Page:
Diet and Nutrition

A Dietary Guide for People Living With Parkinson's Disease

A Dietary Guide for People Living With Parkinson's Disease

Parkinson’s is a chronic disease that affects more than ten million people worldwide, and the statistics by the Parkinson’s Disease Foundation (PDF) show that it is more prevalent in men than in women. Over the years, there have been several theories postulated as to how and why the disease develops, but none offer a definitive answer. Thus, research is still ongoing in order for doctors and other medical professionals to determine the true cause of the disorder. 

Healthy methods and strategies can be adopted to reduce the risk of complications. One such example is introducing a healthier diet. Having a healthy diet is beneficial to the patient in the long run. The risk and progression of the disease can be reduced by certain organic, protein-rich foods. In order for medicines to work effectively, proper nutrients need to be consumed. People with Parkinson’s disease will experience weight loss, problems swallowing, and nausea, among other symptoms, but a healthy diet can help combat these.

A study was done to look at the role of diet and nutritional supplements in the progression of Parkinson’s disease. Data was gathered from participants, and their dietary intake was determined through a food frequency questionnaire. The results were then drawn from the patient reported outcomes. The relationship between diet, lifestyle, and severity of the disease was measured using this information. Researchers found that the progression of the disease was reduced by the intake of fruits, vegetables, nuts, seeds, olive and coconut oil, herbs and spices, non-fried fish, and wine. The progression was also reduced due to the intake of nutritional supplements like coenzyme Q10 and fish oil. Conversely, a rapid progression was linked to the consumption of canned and/or preserved fruits and vegetables, fried foods, soda, beef, and dairy products. Those who took iron supplements also saw a faster progression of Parkinson’s. These results could help to create a diet plan for people with this disease.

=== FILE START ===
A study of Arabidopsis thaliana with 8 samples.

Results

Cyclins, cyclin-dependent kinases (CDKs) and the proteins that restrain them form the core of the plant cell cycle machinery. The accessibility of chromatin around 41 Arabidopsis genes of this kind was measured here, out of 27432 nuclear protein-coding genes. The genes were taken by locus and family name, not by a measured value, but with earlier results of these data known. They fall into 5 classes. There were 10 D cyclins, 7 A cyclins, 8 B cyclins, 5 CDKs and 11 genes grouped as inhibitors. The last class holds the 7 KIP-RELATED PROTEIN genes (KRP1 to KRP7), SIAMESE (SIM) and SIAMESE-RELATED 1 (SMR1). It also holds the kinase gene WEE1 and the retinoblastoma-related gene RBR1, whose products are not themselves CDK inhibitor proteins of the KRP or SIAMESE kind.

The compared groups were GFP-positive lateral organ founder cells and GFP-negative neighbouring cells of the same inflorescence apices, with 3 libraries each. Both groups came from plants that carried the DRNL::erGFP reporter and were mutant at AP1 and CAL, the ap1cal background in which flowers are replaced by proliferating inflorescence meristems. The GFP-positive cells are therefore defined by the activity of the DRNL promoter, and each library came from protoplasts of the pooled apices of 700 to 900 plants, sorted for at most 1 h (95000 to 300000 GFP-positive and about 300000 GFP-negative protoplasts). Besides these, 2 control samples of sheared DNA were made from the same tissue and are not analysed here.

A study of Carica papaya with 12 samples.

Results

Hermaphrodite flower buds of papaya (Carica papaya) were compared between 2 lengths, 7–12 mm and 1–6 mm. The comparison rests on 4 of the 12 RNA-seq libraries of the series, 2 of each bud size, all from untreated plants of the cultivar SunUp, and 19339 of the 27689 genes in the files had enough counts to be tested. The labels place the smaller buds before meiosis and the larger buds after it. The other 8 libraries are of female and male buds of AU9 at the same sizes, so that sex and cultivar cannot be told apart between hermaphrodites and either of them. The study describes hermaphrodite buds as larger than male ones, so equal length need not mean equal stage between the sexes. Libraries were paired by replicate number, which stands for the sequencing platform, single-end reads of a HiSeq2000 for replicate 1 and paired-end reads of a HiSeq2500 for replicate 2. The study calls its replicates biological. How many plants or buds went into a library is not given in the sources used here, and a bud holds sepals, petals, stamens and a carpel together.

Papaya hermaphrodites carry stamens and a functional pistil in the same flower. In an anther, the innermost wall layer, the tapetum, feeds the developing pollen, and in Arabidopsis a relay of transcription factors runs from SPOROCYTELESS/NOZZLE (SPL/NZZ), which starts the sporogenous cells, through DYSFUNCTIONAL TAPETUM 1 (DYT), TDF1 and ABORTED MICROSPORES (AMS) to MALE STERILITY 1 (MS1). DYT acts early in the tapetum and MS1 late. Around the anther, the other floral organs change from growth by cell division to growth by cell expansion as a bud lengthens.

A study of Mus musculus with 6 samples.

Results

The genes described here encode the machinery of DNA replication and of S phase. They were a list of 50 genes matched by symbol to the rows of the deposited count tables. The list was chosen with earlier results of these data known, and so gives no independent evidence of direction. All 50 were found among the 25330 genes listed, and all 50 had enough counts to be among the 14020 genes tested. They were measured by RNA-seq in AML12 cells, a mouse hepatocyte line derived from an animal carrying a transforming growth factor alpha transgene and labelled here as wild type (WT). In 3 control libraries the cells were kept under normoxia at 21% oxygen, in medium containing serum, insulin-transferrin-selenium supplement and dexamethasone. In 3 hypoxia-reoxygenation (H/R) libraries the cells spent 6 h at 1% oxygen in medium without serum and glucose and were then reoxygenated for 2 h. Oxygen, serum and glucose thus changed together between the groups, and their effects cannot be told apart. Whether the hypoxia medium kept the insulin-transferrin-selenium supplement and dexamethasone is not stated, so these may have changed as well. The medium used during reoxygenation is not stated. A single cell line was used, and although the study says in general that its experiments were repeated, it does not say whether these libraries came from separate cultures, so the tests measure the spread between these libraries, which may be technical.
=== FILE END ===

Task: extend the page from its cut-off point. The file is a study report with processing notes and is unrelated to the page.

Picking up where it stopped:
People with Parkinson’s disease are encouraged to consume food products like fresh fruits and vegetables, nuts and seeds, non-fried fish, olive oil, coconut oil, wine, and fresh herbs and spices. Along with these additions, patients should avoid items such as canned foods, fried foods, beef, diet and regular sodas, ice cream, yogurt, beef, and cheese.

The food consumed and the timing of it should be adjusted with respect to the medicine being taken in order to avoid unwanted side effects. For instance, levodopa may compete with other proteins for absorption, so, when taking this medication on a particular day, foods rich in protein should be avoided and instead, the patient should eat rice, vegetables, and foods high in carbohydrates; otherwise, the action of the drug may slow down. Iron supplements should be consumed two hours before or after taking levodopa since the drug’s action may slow down or reduce in strength. For medicines such as pramipexole and ropinirole, a change in diet is not required. Also, in order for the drug to be absorbed faster, the individual must wait 30 minutes to an hour after eating food before taking it. Snacks containing carbohydrates can be eaten if the person feels nauseous.

Drink adequate amounts of water. Caffeine and alcohol should be avoided by people with low blood pressure. If one experiences muscle cramps, pickle juice, turmeric spice, or tonic water may help. Extra cream, oil, or honey can be added to food to make it tasty since people with Parkinson’s disease often suffer from weight loss. There is no special diet plan for those afflicted with the disorder, however, if a healthy lifestyle is maintained, it can prove beneficial given enough time.